Uranium Week: Reassessing Uranium Prices

Weekly Reports | Jan 30 2024

Brokers have queued up to lift their longer-term uranium price forecasts just as the spot price sees its first weekly drop since November.

-Spot uranium price dips
-Longer-term price forecasts seeing widespread upgrades
-Australian-listed uranium stocks in the spotlight

By Greg Peel

Uranium buyers were dealt a reprieve last week when the spot price actually fell back for the first time since November. While prices heading into January were surging, reaching US$106/lb the week before last on industry consultant TradeTech’s weekly spot price indicator, actual transactions were few.

Sellers kept backing off their prices and buyers became reluctant to chase. The impetus for most recent price strength had been the passage of a bill through the US House banning imports of Russian enriched uranium (with caveats), which was expected to then sail through the Senate.

It didn’t, having been blocked by a Republican senator from Texas, so last week sellers moved swiftly to lower prices.

While the effect was a -US$6.00 drop in TradeTech’s price indicator to US$100.00/lb, suddenly there was volume changing hands. A total of eight transactions were concluded in the week.

Meanwhile, the impact of the Red Sea conflict has extended to the uranium market. Australia’s BHP Group ((BHP)) is now diverting nearly all of its shipments to Europe away from the Red Sea, with the long route around Africa adding nine days to the journey.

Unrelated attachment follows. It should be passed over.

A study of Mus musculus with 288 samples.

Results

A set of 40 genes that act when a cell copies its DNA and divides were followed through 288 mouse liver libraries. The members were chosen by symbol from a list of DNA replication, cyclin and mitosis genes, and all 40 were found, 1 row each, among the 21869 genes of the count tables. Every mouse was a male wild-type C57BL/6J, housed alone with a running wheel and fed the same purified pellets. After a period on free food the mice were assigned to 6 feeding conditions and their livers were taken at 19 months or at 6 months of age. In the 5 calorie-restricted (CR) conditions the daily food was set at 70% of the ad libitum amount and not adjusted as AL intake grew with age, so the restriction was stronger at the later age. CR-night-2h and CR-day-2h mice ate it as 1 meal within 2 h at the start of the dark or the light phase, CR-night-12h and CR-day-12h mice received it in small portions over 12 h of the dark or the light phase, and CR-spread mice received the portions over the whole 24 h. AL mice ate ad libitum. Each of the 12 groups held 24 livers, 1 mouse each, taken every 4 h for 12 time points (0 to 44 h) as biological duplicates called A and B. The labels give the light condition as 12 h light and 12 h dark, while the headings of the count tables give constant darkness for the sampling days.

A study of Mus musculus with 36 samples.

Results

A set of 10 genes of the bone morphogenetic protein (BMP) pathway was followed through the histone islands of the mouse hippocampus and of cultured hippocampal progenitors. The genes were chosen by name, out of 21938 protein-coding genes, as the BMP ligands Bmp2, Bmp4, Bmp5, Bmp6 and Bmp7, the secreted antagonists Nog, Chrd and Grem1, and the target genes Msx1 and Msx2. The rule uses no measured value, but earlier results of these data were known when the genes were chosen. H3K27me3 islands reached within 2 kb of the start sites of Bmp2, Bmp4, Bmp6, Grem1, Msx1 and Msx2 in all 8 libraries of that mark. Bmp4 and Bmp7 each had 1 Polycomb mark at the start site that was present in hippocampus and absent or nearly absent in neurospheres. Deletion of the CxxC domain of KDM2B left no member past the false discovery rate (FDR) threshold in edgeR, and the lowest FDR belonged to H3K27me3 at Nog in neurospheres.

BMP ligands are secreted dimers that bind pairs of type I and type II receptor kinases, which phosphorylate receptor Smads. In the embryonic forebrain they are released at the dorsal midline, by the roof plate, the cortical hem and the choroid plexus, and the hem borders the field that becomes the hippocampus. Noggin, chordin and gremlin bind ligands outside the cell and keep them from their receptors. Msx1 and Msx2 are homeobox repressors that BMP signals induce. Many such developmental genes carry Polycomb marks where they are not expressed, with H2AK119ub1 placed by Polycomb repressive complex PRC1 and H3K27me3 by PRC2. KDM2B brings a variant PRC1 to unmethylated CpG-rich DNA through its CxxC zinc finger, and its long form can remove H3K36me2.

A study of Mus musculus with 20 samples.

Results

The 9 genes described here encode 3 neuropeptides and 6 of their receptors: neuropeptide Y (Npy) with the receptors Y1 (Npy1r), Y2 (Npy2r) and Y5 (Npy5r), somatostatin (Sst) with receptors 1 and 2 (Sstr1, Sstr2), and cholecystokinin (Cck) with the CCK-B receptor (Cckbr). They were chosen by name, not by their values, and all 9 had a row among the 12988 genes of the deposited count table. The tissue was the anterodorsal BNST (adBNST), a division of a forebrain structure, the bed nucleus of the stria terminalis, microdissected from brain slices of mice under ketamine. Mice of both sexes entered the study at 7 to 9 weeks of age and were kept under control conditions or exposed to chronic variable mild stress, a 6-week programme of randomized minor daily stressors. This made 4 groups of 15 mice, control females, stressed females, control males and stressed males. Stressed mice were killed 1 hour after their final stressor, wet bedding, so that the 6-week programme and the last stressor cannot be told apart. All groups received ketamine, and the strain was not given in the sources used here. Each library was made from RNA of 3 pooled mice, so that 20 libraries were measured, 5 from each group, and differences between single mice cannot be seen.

Time to Panic

The recent rise in the spot uranium price, along with the announcement by Kazatomprom it expects to adjust its production target, have caused sellers to consider how these developments may impact the long-term uranium price going forward, TradeTech reports.

Recent term offers are higher than those submitted only a few weeks ago, indicating the long-term price is experiencing upward price pressure.

Last week Australian stockbroker Shaw & Partners noted the recent spot price rise, through US$100/lb, has been larger and earlier than expected, although at this stage the market remains orderly, and the price increases do not appear to be driven by panic buying.

That may change, Shaw warns, if utilities believe they will have difficulty covering their fuel demands later this decade. Panic buying could drive the uranium price materially higher. There is a great saying in markets that “he who panics first, panics best”, hence Shaw recommends uranium sector investors get ahead of potential panic buying.

Shaw is now assuming a multi-year price spike to US$150/lb in 2025-27. The forecast implies the previous all-time high of US$136-138/lb will be superceded. Thereafter the broker sees the price settling back to a long-term US$76/lb in 2030, in 2024 real dollar terms.

Shaw has also changed its approach to valuing undeveloped uranium resources by introducing different in-ground valuations for different quality of resources. The net effect is material upgrades to price targets and earnings forecasts within the Australian-listed uranium space.

Citi has also raised its uranium price forecasts, suggesting an average of US$101/lb in 2024 and US$110/lb in 2025, while Citi’s long-term forecast is raised to US$115/lb from US$87/lb.

The rush is on. Australian stockbroker Bell Potter has lifted its short and mid-term uranium price forecasts, anticipating a peak of US$130/lb, while a more circumspect Macquarie has lifted its peak uranium price forecast to US$100/lb in 2025.

TradeTech’s term price indicators (not forecasts) remain at US$93/lb (mid-term) and US$68/lb (long).